Holiday Book-Giving Guide: Books for (Most) Everyone on Your List

Christmas shopping season is upon is, but there's no need to stress. Who doesn't like books? The problem is finding the right one for everyone—books for the nonreader, books for the picky reader, books for the precocious young adult. We can't help you pick out a book for everyone, but this gift-giving guide should help narrow down your list. (We suggest going to an actual physical bookstore for assistance.)

For the Political Junkie: Mrs. Nixon: A Novelist Imagines a Life, by Ann Beattie (Scribner)

Mrs. Nixon is really one of the best books I've read all year and deserving of more lengthy review, but, alas, there is no time. Suffice it to say that Mrs. Nixon is neither a novel nor a biography; it is more of a meditation on the act of writing than anything else. Nor is Mrs. Nixon traditional Ann Beattie. The first chapter reads, in its entirety, "Mrs. Nixon's Nicknames, Including Her Code Name As First Lady: Buddy, Miss Vagabond, Irish Gypsy, St. Patrick's Babe in the Morn, Babe, Pat, Miss Pat, Patricia, Dearest Heart, the White Sister, Starlight." Yes, it's postmodern, but not annoyingly so—it's simply delightful to read, and a winsome gift for aficionados of history, politics, or writing.

For the Carnivore: Girl Hunter: Revolutionizing the Way We Eat, One Hunt at a Time, by Georgia Pellegrini (Da Capo Press)

Georgia Pellegrini left Lehmann Brothers to go to culinary school—not a bad move, looking back now—but she still brings the intensity of the Wall Street trader to her culinary pursuits. Pellegrini decides that if she's going to eat meat, she needs to learn how to hunt and kill and clean and cook it all herself. Girl Hunter is the story of her globe-trotting journey of self-discovery and meat and more meat, complete with recipes for everything from dove to elk to squirrel. But even if you're a vegetarian, her meditations on food and locavore culture are worth reading. This book won't be out until Dec. 15, but if you pre-order it from your local bookseller, you've got plenty of time to get it under the tree of your favorite foodie—or hunter.

For the Oxford American Subscriber: The Outlaw Album, by Daniel Woodrell (Little, Brown)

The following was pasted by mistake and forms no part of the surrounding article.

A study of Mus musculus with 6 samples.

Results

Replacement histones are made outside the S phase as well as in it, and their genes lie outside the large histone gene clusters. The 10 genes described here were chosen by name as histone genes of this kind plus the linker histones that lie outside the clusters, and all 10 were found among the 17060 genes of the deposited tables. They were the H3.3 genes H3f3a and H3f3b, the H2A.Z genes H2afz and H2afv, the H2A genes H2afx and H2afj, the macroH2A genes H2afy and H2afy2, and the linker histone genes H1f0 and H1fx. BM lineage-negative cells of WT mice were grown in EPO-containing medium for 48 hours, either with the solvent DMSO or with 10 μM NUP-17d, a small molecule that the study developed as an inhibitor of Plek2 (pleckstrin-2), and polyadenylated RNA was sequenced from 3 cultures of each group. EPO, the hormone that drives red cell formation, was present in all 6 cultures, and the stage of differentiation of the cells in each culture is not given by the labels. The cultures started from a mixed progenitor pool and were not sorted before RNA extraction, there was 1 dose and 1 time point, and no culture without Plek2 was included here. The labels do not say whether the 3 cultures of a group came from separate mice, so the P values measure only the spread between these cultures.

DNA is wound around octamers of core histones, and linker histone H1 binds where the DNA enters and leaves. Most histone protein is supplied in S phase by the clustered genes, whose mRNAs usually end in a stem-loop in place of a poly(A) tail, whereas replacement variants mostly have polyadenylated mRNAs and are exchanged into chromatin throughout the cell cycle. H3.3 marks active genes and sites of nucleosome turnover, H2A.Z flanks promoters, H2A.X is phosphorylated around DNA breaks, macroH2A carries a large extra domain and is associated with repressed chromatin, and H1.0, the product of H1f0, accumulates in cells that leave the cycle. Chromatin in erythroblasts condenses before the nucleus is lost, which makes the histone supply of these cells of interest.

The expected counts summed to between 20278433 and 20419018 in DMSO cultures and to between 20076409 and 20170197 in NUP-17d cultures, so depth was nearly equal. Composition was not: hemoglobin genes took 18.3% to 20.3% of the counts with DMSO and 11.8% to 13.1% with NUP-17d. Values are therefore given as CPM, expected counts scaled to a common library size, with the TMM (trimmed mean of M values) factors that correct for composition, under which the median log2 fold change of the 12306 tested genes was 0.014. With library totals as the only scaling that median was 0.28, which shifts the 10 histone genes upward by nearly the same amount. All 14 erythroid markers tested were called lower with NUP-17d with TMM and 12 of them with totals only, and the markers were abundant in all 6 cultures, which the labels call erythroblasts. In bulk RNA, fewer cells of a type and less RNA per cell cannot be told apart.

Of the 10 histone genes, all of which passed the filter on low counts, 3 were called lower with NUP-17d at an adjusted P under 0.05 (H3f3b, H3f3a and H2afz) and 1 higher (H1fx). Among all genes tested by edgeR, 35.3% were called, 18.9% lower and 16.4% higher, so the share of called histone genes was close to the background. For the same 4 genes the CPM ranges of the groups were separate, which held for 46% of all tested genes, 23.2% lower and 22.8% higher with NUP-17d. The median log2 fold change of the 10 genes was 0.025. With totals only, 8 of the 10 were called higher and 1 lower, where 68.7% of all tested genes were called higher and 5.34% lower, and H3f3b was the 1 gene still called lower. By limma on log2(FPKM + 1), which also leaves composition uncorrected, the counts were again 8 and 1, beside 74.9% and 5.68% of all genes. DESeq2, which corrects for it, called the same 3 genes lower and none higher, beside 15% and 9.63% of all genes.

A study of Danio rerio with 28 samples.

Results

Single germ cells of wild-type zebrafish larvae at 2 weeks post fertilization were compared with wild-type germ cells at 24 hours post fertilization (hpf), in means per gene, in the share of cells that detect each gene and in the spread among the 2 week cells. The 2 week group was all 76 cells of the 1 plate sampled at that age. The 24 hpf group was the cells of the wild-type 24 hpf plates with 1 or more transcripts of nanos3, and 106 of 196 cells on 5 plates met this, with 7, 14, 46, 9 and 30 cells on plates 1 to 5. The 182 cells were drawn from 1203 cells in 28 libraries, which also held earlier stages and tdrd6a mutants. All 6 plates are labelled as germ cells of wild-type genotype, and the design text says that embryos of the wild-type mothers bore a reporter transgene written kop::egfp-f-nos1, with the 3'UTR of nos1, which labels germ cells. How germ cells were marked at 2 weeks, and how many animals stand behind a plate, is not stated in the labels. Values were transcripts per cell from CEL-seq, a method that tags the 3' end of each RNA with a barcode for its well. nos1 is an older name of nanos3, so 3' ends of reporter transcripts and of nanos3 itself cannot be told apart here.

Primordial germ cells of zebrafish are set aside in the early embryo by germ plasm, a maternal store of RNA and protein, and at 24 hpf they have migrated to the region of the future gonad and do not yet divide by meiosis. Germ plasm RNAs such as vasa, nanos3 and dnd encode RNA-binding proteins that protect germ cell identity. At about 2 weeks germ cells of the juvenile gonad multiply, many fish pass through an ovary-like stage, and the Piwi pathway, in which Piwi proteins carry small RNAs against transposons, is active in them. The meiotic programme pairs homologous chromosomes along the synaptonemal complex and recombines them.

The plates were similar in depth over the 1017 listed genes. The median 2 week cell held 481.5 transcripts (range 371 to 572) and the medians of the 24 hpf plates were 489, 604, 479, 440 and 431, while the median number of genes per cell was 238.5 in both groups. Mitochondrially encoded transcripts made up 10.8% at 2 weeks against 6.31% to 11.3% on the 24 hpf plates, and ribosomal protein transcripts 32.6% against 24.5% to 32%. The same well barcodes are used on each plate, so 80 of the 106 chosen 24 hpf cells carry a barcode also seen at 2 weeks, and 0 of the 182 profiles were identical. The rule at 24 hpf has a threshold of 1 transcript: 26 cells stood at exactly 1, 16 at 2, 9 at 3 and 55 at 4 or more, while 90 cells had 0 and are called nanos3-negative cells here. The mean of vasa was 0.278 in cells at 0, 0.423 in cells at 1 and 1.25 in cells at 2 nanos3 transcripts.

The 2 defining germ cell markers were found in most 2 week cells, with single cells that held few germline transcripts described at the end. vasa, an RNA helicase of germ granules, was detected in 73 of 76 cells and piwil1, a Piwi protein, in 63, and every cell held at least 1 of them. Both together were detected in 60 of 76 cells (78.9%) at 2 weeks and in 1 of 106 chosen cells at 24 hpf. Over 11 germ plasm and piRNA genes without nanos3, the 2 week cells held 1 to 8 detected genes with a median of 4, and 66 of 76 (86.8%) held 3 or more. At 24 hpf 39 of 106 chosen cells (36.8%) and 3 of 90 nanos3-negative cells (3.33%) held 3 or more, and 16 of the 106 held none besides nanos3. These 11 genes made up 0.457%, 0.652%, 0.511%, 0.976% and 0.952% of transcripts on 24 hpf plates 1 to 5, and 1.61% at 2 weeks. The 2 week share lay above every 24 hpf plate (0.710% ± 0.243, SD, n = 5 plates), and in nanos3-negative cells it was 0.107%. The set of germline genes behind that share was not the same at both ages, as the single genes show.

Woodrell is best known for his most recent novel, Winter's Bone, which was turned into an award-winning movie in 2010. But Woodrell has published a number of novels, most of which have been or are about to be reissued. And then there is this collection of stories, which came out in October. Many are sparse and short, most are gothic and violent—like, really violent—but the prose is compelling. I'm not going to call Woodrell the next Larry Brown or Barry Hannah, but admirers of both might do well to pick up The Outlaw Album.

For the Know-It-All: That Is All, by John Hodgman (Dutton)

The general American public knows John Hodgman best as the PC in the long-running Mac vs. PC commercials, but discerning lovers of humor know Hodgman is not just an actor and comedian, but a funnyman jack-of-all-trades. There's his work for This American Life, there are his podcasts, and there are his books, The Areas of My Expertise and More Information Than You Require. Now comes what Hodgman says is the third and last book in his trilogy of made-up trivia, That Is All. There is wine advice like, "ONLY wine from the Champagne region may be identified by the protected brand name JACUZZI," instructions on how to be a deranged millionaire, and even a guide to sports. ("Originally named POONA, after a popular burlesque show in India, badminton was brought back from that continent by repressed English soldiers with filthy minds. How else to explain its disgusting terminology?") Fans of nerdy humor and funny writing will not be disappointed.

For the Facebook-Status-Updating-Addicted Friend: 420 Characters: Stories, by Lou Beach (Houghton Mifflin Harcourt)

420 Characters is one of the strangest books to come across my desk this year, but that's not necessarily a bad thing. Illustrator Lou Beach started this project as a series of Facebook status updates, trying to compose a complete short story in the 420 characters allowed. The results are alternately creepy and amusing, and sometimes heartfelt, proving that less is often more, including the beautifully weird collages that percolate throughout the book. The perfect gift for those with compromised attention spans.

For the Retro Romantic: The Scrapbook of Frankie Pratt: A Novel in Pictures, by Caroline Preston (Ecco)

Preston's past novels (Jackie by Josie, Lucy Crocker 2.0) have exhibited her fascination with all things retro, but none has gone as far as The Scrapbook of Frankie Pratt, which is, literally, a scrapbook of vintage memorabilia. The plot of the novel is slight and predictable, but who cares about character development when the pages are so appealing to look at? Frankie Pratt moves from New Hampshire to Vassar to New York to Paris, and the cut-outs of old news clippings and advertisements make this whimsical story a great gift for any friend obsessed with pretty old things.